DO you want to see houses built on farmlands?
Senators Raffy Tulfo and Cynthia Villar clashed Thursday over the conversion of farmlands into commercial and residential areas as they tackled the Department of Agriculture budget in the Senate plenary.
Tulfo said farmlands in the country have been dwindling as land developers have snapped these up from farmers forced to sell due to financial challenges.
“Lumiliit nang lumiliit po ang ating farmlands, binibili po ng malalaking developer at ginagawang commercial at residential land. Ano po ang ginagawa ng DA tungkol dito?” Tulfo asked.
Villar, whose family owns property developer Vista Land & Lifescapes, felt alluded to. She immediately acknowledged that her family was in the real estate business.
Their subdivisions can be found all over the country.
Villar clarified that their company does not buy agricultural land in the provinces, only in cities and capital towns.
“Nobody will buy houses in agricultural land. We only buy in cities and capital towns. The buyers of houses, they want also an opportunity that if they’re having financial problems, they can resell their houses. It’s very hard to resell houses not in cities or capital towns,” she said.
But Tulfo said he has proof that a lot of farmlands have now been turned into subdivisions. This is why he wants to see the swift passage of the proposed National Land Use Act, he added.
Villar said conversion of farmlands into other uses is allowed in cities and capital towns, as the land is purchased at a high price.
“And then you can reinvest the money and you will make more money than planting on those lands,” she said.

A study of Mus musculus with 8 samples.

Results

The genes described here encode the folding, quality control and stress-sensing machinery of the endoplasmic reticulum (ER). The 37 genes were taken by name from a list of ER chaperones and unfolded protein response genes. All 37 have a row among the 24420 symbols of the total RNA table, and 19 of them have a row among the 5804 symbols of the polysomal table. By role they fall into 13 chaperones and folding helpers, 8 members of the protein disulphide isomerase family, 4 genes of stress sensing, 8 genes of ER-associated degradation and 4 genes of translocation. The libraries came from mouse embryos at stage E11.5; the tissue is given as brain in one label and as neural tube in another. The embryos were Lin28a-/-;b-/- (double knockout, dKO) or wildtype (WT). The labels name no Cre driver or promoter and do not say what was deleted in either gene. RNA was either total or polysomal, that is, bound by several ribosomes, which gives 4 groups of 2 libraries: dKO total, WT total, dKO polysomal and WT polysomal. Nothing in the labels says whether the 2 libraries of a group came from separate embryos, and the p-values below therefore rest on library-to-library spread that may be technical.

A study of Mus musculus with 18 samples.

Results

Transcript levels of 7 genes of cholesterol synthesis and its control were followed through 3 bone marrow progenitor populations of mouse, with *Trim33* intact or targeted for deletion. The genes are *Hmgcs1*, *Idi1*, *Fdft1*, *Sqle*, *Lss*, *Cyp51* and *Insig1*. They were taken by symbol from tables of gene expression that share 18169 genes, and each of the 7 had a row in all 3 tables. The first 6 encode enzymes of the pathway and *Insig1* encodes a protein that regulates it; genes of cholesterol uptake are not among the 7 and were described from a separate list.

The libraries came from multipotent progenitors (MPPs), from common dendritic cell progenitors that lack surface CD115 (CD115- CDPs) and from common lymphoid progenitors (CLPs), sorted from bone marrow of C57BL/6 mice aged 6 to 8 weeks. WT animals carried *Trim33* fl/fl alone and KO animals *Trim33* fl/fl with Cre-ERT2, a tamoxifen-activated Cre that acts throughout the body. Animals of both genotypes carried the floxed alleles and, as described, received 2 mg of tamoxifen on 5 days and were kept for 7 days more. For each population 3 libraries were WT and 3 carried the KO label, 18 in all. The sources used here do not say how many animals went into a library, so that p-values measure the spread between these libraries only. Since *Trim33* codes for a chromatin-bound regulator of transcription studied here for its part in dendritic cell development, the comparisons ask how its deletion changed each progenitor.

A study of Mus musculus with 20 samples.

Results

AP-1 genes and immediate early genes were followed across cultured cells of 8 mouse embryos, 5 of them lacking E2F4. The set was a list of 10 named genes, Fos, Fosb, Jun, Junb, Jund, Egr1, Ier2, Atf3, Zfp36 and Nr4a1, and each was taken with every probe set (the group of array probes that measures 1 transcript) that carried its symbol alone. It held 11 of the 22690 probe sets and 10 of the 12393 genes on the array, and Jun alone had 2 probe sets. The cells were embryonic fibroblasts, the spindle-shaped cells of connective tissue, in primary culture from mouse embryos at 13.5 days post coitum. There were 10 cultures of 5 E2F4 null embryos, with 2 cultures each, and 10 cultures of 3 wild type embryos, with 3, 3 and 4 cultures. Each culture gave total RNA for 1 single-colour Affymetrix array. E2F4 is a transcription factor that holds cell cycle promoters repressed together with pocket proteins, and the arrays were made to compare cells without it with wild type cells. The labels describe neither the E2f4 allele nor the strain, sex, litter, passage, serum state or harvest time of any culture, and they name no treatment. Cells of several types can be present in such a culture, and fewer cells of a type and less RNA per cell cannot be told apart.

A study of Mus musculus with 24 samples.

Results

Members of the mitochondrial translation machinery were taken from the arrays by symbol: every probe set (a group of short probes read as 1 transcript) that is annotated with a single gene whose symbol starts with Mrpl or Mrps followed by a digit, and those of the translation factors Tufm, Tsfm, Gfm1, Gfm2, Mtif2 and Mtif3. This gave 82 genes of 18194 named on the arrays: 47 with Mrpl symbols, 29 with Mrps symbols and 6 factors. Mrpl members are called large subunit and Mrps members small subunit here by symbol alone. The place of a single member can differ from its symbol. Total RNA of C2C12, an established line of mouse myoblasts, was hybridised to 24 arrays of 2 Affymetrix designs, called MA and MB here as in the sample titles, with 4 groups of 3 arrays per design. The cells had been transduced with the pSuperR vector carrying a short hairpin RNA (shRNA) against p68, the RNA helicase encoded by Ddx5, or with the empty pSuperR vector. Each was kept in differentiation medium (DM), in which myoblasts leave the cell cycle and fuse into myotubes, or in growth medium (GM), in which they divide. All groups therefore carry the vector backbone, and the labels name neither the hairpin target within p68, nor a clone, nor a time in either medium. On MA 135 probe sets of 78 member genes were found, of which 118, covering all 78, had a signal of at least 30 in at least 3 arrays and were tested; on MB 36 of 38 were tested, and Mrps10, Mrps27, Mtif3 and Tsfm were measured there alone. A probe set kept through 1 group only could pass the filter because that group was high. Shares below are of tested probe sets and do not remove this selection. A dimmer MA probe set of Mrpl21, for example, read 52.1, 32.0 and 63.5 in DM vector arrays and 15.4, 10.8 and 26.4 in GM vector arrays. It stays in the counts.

Deciding to sell farmlands is an “investment decision,” she said.
“If somebody will buy your land at a bigger amount, you can sell it and buy another land that is cheaper somewhere else and build your farm there…You have to understand agriculture as a business also,” she said.
But Tulfo insisted that he wants to know what the DA is doing about this “bad system” that has been reducing the size of farmlands in the country.
Villar disagreed with his assertion.
“Where will the people live if you don’t build subdivisions?” she said.
Tulfo retorted that there are many areas where houses could be built without taking over farms.
According to him, farmers are being taken advantage of because they are struggling now, hard-pressed to compete with the flood of cheap imported rice into the country that have been allowed under the Rice Tariffication Act.
This prompted Villar to defend the law, which she had sponsored in the Senate.
She said the law was necessary because the price of rice rose to P50 to P60 per kilo in 2018.
The Philippines’ credit rating would have been at risk as well if it did not liberalize rice importation, she said.
The collection from the rice tariff have also been used for the benefit of farmers, she added.
“I don’t feel any guilt to the small farmers,” she said.